Just read an interesting post on Houzz this week about single walled kitchens. Link to full article here.
I think that its a brilliant (and possibly necessary) solution where space is an issue. But the one concern I have with this design is how practical it is in reality for a fully functioning kitchen?
A single wall kitchen layout is perfect if only one person is involved in food preparation at any time. You can also incorporate an island to get more flexibility and space in your kitchen layout (islands now come under many ‘guises’ including large tables having dual function as an island / eating area is just one example – and an island has added advantage of extra storage).
But where there is more than one person working in a kitchen then I think that the layout of a kitchen with the 3 triangular elements: fridge, cooker/hob and sink being along one single wall (same) wall would be a challenge.
Even in our last kitchen, which did not have the single wall kitchen layout (it was based on the recommended ‘triangle’ idea) was still a challenge at those ‘pressurised’ times e.g. breakfast! where my husband and I seemed to be constantly bumping into each other whilst we both reached for kettle, bread board, toaster, sink etc at the same time (not conducive to putting a smile on your face when faced with preparing breakfast before a school run!).
We nearly made the same mistake in our new kitchen – where despite a much larger space and an island – we were still looking at a small working triangle which would have been a disaster as the new kitchen had come about specifically to improve on the last one !
The design of our new kitchen literally came down to the wire with very last minute changes to the extent that more (different) windows had to be ordered and a sink re-located (more plumbing and different worktop) and the entire kitchen had to be redesigned (documented in my blog here about the kitchen layout mistakes we ‘almost’ made) . It still amazes me that it took for the kitchen to be at the block work stage for the flaws in the design to be so apparent. We were very lucky in that we had a great relationship with our kitchen manufacturer, a very patient builder and with the help of an amazing kitchen designer (who instantly got what we wanted to achieve) we got the layout of the kitchen and living space back on track.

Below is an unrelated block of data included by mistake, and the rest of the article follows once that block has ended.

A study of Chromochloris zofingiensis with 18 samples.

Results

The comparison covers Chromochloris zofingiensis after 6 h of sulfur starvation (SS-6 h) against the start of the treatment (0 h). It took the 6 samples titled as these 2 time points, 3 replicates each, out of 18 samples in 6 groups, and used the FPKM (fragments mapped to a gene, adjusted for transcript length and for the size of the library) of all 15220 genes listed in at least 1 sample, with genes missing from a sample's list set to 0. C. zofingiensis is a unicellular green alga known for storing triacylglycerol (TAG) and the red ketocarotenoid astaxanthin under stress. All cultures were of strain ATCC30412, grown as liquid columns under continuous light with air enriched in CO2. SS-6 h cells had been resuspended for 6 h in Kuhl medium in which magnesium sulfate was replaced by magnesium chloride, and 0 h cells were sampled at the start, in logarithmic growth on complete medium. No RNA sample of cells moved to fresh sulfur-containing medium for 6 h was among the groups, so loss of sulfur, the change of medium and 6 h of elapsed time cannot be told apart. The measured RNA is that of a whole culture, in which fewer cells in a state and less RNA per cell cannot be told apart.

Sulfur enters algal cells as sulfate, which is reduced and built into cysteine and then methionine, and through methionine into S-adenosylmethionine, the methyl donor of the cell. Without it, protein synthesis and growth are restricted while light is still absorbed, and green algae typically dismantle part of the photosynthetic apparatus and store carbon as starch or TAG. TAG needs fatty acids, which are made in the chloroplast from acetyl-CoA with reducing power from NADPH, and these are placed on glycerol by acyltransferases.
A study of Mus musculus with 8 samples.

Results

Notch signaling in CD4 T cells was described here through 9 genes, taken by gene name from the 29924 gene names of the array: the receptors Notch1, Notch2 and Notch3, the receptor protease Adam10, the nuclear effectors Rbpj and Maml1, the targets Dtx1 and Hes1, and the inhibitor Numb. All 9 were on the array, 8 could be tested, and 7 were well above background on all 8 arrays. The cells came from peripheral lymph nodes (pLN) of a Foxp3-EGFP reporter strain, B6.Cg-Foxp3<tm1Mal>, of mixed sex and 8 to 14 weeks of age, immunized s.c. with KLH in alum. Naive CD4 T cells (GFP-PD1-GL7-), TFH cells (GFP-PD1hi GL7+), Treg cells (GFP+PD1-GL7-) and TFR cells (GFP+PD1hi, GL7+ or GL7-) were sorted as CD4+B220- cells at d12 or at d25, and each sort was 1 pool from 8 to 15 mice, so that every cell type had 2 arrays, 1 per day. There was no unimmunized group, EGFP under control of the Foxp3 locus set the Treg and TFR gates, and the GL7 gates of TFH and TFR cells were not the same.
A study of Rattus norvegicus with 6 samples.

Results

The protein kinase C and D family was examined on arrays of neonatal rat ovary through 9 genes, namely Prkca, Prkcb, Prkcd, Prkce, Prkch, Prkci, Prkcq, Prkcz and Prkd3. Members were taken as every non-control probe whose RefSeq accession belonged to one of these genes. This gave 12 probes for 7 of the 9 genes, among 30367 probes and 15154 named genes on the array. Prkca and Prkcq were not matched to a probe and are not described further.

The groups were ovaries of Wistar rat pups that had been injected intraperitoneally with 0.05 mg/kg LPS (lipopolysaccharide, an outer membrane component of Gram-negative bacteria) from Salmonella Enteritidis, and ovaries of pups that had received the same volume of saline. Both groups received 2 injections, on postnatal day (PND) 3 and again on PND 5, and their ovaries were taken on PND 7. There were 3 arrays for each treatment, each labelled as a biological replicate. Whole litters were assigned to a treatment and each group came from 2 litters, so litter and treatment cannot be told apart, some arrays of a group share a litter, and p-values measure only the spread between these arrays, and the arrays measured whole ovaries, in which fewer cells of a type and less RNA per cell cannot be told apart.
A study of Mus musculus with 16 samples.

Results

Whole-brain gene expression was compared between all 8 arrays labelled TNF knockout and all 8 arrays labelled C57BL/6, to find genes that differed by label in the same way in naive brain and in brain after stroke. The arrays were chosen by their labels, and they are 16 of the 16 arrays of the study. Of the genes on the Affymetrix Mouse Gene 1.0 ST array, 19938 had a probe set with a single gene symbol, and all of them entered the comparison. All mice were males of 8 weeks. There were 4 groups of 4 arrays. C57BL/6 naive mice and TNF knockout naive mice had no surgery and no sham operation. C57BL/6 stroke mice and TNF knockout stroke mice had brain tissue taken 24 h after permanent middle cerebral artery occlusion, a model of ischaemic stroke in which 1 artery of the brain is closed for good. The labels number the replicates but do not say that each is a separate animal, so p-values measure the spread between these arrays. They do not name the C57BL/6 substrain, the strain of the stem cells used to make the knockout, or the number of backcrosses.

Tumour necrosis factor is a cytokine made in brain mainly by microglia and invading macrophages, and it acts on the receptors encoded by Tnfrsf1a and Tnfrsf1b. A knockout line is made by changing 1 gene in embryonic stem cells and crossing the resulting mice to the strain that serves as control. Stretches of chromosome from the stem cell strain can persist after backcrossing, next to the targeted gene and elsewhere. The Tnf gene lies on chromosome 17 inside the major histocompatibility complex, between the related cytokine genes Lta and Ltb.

I would always recommend that before you design your kitchen, really, really, really (and I can’t emphasis this enough) work out in advance the small details e.g where exactly you are going to place that kettle or that toaster. Have you enough room to fill the kettle at the sink in the morning whilst maybe someone else is putting toast in the toaster or getting out the cereal bowls? Where is your microwave going to go? Try and visualise yourself and who ever else will be there too, trying to use the space in everyday situations.
I mention the toaster because at one point my (running out of patience at this stage !) builder was strongly quesioning my request for ‘more’ sockets along the main wall of our kitchen… yes, He thought 2 was enough! now I look at the sockets used on an ongoing basis for ipod speakers, phone chargers, kettles, toaster, hand held food mixer and am SO glad that that was one battle that I won!